Never let it be said that fashion fans aren't also intellectuals. Have you ever tried to get through a designer coffee table book? It's not all glossy pictures, my fashionable friends! Well, there are a lot of glossy pictures, but the best fashion books also have engaging and informative text. (That's the stuff that used to fill up the space between advertisements in magazines.) I've scoured recent selections for the best fashion tomes to devour this holiday.
Decades: A Century of Fashion
This is by far my favorite fashion book of the year (and it's been a really good year!). When I first heard that the owner of famed vintage shop Decades in L.A. was writing a book, I wasn't super interested. I like vintage but am not obsessed with it. But when I looked at this book it is so much more than your typical fashion history overview. Silver is honest that he didn't have fashion credentials when he started, but he obviously has given himself an education and is more than qualified to give you one as well. Each decade, beginning with the 1900s, starts with a beautiful, huge (the book is massive) two-page close-up of an intricate fabric or detail. He goes through each era's tastemakers, icons, and designers in a way that's entertaining and easy to read, but through which you unwittingly learn a lot!
Alexander McQueen: The Life and The Legacy
With a foreward by Daphne Guinness, never-before-seen photos from McQueen's personal archives and private collectors, this is the perfect book to satisfy your McQueen cravings whenever you wish you could walk through the fabulous Met exhibit on his work again. Part biography and part fashion story, this book takes you through each of his controversial collections, with input from some of his high profile fans like Lady Gaga and Sarah Jessica Parker.
Diana Vreeland: The Eye Has To Travel
This is the obvious companion to the film of the same name currently in limited release. It is a must-have for Vreeland fans and gives an excellent biography for the uninitiated. Where it truly shone, in my opinion, is in reproductions of some of Vreeland's magazine spreads for Harper's Bazaar and Vogue. For those of us who didn't get to witness the prolific editor's reign, it's an extra special glimpse into how she became the legend she is today.
Scatter My Ashes At Bergdorf Goodman
This book is not just a love letter to Bergdorf Goodman, but to the way shopping used to be as an experience. Albeit an experience reserved for the most elite and spendy. The book is a compilation of stories from everyone from celebrities to store executives to personal shoppers to "regular people" who had extraordinary experiences within the hallowed walls. If a building and an institution could have a biography, this would be it. Very interesting, light read to keep on your bedside table or while away a flight.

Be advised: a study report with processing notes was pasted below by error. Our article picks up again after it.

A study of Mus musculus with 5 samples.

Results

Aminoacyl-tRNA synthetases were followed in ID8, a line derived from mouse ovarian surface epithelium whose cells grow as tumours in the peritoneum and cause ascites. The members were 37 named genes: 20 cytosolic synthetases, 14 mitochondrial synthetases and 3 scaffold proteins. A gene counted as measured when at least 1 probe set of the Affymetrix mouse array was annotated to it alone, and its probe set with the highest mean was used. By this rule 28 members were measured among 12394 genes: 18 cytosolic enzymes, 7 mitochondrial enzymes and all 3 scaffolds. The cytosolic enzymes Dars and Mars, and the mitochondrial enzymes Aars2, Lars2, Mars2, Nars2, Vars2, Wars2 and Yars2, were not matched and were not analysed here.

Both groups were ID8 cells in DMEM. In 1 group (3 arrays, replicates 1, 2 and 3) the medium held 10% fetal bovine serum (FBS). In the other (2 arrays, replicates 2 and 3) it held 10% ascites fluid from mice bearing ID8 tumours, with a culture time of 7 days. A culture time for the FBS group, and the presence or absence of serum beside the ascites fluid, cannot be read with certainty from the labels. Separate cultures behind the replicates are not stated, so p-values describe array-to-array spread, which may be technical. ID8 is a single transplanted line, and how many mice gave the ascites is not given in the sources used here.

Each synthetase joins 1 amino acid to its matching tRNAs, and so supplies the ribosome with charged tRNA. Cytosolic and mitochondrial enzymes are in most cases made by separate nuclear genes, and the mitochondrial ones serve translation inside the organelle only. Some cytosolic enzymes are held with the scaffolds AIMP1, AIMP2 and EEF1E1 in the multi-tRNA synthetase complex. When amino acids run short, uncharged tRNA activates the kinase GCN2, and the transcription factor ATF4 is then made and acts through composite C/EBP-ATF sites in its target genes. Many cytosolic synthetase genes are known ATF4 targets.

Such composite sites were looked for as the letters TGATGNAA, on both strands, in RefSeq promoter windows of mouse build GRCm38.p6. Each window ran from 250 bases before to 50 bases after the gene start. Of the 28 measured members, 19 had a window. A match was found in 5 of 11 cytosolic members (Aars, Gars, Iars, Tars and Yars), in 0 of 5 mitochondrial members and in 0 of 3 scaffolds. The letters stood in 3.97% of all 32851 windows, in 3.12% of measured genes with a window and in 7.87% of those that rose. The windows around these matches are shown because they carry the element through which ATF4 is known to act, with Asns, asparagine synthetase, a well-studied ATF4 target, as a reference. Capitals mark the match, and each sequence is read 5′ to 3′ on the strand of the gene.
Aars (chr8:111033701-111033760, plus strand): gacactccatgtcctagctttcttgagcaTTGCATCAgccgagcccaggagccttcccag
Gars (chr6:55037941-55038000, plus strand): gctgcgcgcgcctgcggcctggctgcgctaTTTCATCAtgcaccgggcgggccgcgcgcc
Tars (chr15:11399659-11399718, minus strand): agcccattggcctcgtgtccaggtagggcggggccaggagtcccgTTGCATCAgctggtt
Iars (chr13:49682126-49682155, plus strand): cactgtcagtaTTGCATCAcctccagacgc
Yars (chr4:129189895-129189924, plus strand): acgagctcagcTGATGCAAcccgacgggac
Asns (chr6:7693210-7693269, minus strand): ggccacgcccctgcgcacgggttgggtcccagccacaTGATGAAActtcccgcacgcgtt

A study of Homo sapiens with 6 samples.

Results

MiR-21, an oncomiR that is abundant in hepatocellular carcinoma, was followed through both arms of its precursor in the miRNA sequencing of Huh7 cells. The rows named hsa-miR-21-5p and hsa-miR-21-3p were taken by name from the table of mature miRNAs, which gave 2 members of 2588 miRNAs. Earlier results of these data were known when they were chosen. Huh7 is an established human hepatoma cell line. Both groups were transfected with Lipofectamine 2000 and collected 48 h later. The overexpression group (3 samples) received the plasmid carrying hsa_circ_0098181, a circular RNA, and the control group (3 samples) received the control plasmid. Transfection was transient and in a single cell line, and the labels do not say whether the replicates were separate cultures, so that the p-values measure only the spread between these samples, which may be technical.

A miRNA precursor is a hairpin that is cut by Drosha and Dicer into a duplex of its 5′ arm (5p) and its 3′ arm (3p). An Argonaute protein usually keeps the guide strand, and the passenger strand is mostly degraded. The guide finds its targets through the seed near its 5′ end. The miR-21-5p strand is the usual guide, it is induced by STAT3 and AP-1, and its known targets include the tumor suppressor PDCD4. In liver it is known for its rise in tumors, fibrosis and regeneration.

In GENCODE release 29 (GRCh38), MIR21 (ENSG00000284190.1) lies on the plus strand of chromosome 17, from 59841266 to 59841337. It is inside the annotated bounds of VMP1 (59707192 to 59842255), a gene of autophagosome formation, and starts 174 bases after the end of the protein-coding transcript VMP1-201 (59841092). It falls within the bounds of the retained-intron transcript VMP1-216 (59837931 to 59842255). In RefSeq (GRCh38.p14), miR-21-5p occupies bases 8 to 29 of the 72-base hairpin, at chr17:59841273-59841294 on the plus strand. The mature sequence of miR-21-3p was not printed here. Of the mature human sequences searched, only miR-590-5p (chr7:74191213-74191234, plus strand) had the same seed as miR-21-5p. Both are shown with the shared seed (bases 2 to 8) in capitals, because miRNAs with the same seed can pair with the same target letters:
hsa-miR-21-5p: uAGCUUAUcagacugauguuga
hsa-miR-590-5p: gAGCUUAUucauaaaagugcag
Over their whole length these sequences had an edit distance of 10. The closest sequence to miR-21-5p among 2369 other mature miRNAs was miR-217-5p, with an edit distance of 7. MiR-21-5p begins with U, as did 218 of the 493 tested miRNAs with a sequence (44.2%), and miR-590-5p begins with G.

Diane Von Furstenberg and the Tale of the Empress's New Clothes
This cheeky, fun little book is perfect for a young fashion fan, but where grown-ups will be drawn in is the fabulous illustrations by Diane Von Furstenberg Studio. If you don't find yourself wanting to color copy one of these pages to hang on your wall, you're not a DVF fan. Morton's schtick is re-imagining classic fairytales to integrate the trajectory of a famous fashion designer.
W: The First 40 Years
This is the mother of all retrospectives of one of the most venerated high fashion magazines we have. John B. Fairchild, Stefano Tonchi, Lynn Hirschberg, Marian McEvoy, and Vince Aletti all contribute to the various sections divided by Who, Where, and Wow. But what the volume (this is another large, weighty book) really celebrates is the photography and fashion in the magazine. The best of the best.
Vogue: The Editor's Eye
To go straight into another magazine retrospective, "Vogue: The Editor's Eye" is another coffee table book with a movie tie-in. So, if you are really lazy, you could just go watch the movie On Demand. But, if you choose the literary route, you can expect a celebration of eight of the magazine’s legendary fashion editors including Polly Mellen, Babs Simpson, and Grace Coddington. Vogue is so highly celebrated and well archived and documented, and the next book on our list — "Grace: A Memoir " — is such a great read, that aside from the beautiful illustrations from the world's best photographers, this book seems a little redundant. But the Vogue fanatic is going to have to have it.
Grace: A Memoir
I have already gone into great detail about this book here, so I don't want to wax poetic on the same themes. But again, a Vogue acolyte is going to want to have this in their library, and any fashion fan would be well served by adding it to their collection.
Edith Head: The Fifty-Year Career of Hollywood's Greatest Costume Designer
Edith Head has been having a moment, and this book seems to be the peak of the celebratory ruminations on the old Hollywood stylists' impressive, prescient career. Admittedly, I'm not the biggest Edith Head fan, but I am in the minority by far, so most will likely devour the stories and quotes about her work on films like All About Eve, Funny Face, Sunset Blvd., Rear Window, Sabrina, A Place In the Sun, and The Ten Commandments. There is definitely a lot of set gossip for the classic movie fan, and plenty of fashion pictures for everyone else.
The Style Mentors: Women Who Define the Art of Dressing Today
This book is a clever take on celebrity culture. It takes fashion icons from Isabella Blow to Rihanna and organizes them into categories like The Bohemians, The Minimalists, and The Rockers. It shows examples of each woman's signature style and lists the must-haves of the genre. For instance, Sirens must have cleavage-enhancing undergarments. This will definitely be useful for the stylish woman who likes to take her cues from celebrities or is looking to edit her wardrobe to a certain aesthetic.